Extraordinary items in accounting are an event or transaction that does not relate to normal business activity and occur rarely. The treatment of extraordinary items under GAAP (Generally Accepted Accounting Principles) was changed in 2015.
Treatment Prior to 2015
Extraordinary items were defined as transactions that were both unusual and not expected to recur in the foreseeable future. So, if an event or transaction meets both these requirements, then the company needs to separate the transaction from ordinary operations.
Before 2015, companies had to spend a lot of time determining if a specific transaction or event was an extraordinary item. After that, a company had to show any gains or losses (net of taxes) from the extraordinary items separately on the income statement after calculating the income from continuing operations. Extraordinary items were shown separately from the operating earnings, as the former is one one-time gain or loss. Also, companies do not expect these transactions to recurring in the future.
Why Extraordinary Items were Eliminated?
Financial Accounting Standards Board (FASB), in 2015, did away with the concept of extraordinary items. They did this mainly to lower the cost and complexity of making the financial statements. FASB found that it is extremely rare for companies to report extraordinary items. However, auditors and regulators still spend a lot of time deciding if an event requires special reporting.
The threshold for extraordinary items under GAAP was so high that only a few businesses reported them. When FASB was discussing about eliminating extraordinary items, it found only 30 instances of extraordinary items over the past five years. Moreover, events such as September 11, 2001, terrorist attacks, and the Japanese tsunami in 2011 didn’t even qualify as extraordinary items.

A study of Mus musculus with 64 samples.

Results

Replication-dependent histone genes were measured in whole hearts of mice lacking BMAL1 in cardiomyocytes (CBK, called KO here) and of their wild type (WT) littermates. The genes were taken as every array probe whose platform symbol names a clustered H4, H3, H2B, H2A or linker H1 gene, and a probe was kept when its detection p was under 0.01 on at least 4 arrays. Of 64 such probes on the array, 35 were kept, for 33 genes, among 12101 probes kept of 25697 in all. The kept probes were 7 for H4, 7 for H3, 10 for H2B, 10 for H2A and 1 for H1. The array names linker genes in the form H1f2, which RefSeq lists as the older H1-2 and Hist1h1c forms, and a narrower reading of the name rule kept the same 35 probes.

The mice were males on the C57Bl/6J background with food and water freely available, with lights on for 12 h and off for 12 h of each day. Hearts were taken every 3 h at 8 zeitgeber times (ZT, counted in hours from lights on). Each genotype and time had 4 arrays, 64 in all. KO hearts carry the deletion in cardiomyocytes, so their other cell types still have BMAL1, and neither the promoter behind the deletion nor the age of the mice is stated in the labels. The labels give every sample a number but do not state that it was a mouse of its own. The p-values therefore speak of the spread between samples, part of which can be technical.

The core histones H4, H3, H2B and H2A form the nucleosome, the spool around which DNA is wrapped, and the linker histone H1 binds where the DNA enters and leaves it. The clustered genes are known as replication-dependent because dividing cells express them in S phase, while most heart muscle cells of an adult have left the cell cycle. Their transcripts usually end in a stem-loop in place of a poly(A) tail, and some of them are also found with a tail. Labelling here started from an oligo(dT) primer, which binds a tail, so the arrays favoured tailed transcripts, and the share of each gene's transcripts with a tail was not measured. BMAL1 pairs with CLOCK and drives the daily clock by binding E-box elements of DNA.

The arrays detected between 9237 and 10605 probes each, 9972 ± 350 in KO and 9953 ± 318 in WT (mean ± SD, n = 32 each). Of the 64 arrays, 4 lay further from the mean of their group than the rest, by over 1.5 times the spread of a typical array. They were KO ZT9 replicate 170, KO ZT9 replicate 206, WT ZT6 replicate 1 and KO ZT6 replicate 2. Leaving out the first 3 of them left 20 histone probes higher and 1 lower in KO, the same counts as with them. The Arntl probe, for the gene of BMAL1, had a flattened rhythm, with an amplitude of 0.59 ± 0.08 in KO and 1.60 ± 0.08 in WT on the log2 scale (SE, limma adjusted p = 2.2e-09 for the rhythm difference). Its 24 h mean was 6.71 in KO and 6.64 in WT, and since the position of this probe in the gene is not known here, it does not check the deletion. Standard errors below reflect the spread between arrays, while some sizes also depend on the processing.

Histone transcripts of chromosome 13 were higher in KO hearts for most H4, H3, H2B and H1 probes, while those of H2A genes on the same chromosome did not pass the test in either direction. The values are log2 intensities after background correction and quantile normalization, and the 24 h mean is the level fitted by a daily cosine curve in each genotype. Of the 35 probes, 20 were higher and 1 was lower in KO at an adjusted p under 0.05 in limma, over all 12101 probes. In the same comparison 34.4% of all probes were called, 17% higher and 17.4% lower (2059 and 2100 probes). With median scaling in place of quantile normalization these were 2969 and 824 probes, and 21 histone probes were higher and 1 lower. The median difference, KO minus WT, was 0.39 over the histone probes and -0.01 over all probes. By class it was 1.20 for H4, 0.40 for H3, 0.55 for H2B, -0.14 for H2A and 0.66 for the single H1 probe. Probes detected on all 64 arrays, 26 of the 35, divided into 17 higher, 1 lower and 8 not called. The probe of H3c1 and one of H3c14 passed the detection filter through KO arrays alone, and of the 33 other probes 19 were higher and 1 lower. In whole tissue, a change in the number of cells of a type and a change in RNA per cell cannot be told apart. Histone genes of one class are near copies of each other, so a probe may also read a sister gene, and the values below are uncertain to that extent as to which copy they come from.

Treatment of Extraordinary Items under GAAP
A point to note is that FASB only did away with the need for companies and auditors to identify whether a transaction or event is so rare to qualify as an extraordinary item. Companies still need to reveal abnormal transactions or events, but they now don’t have to differentiate them as an extraordinary items. Also, companies now don’t need to evaluate the income tax effect on extraordinary items. Moreover, there is no need to present an EPS (Earnings Per share) effect.
So, the reporting and disclosure requirements for extraordinary items remained more or less intact even after the GAAP update. Companies no longer need to describe such events and their effects. But, they do have to disclose the unusual events and their effect on the income statement. Also, extraordinary items under GAAP can now be given more specific names, such as “loss from a fire at the factory.”
GAAP specifically noted that gain, loss, write-offs, and write-downs on the following items must not be treated as extraordinary items;
- Sale of asset
- Disposal of a part of an entity
- Lease of equipment to others
- Intangible assets
- Foreign currency translation
- Effect of a strike
- Abandonment of property
- Accruals on long-term contracts
An example of an event classified as extraordinary is the destruction of the facility by an earthquake. Or damage to crops from the weather in the region where such damages are rare.
Treatment Under IFRS
IFRS (International Financial Reporting Standards) does not give special status to the extraordinary items. There is no special distinction for items of operational nature that are rare. In fact, IFRS allows companies to disclose extraordinary items as usual items, such as revenue, post-tax gains or losses, finance costs, and more.
IASB (International Accounting Standards Board), the organization overseeing IFRS, ceased recognizing extraordinary items since 2002. Prior to 2002, IFRS had a separate disclosure requirement for the income or expenses of abnormal size or nature. Such disclosures either came in the income statement or the notes section of the report.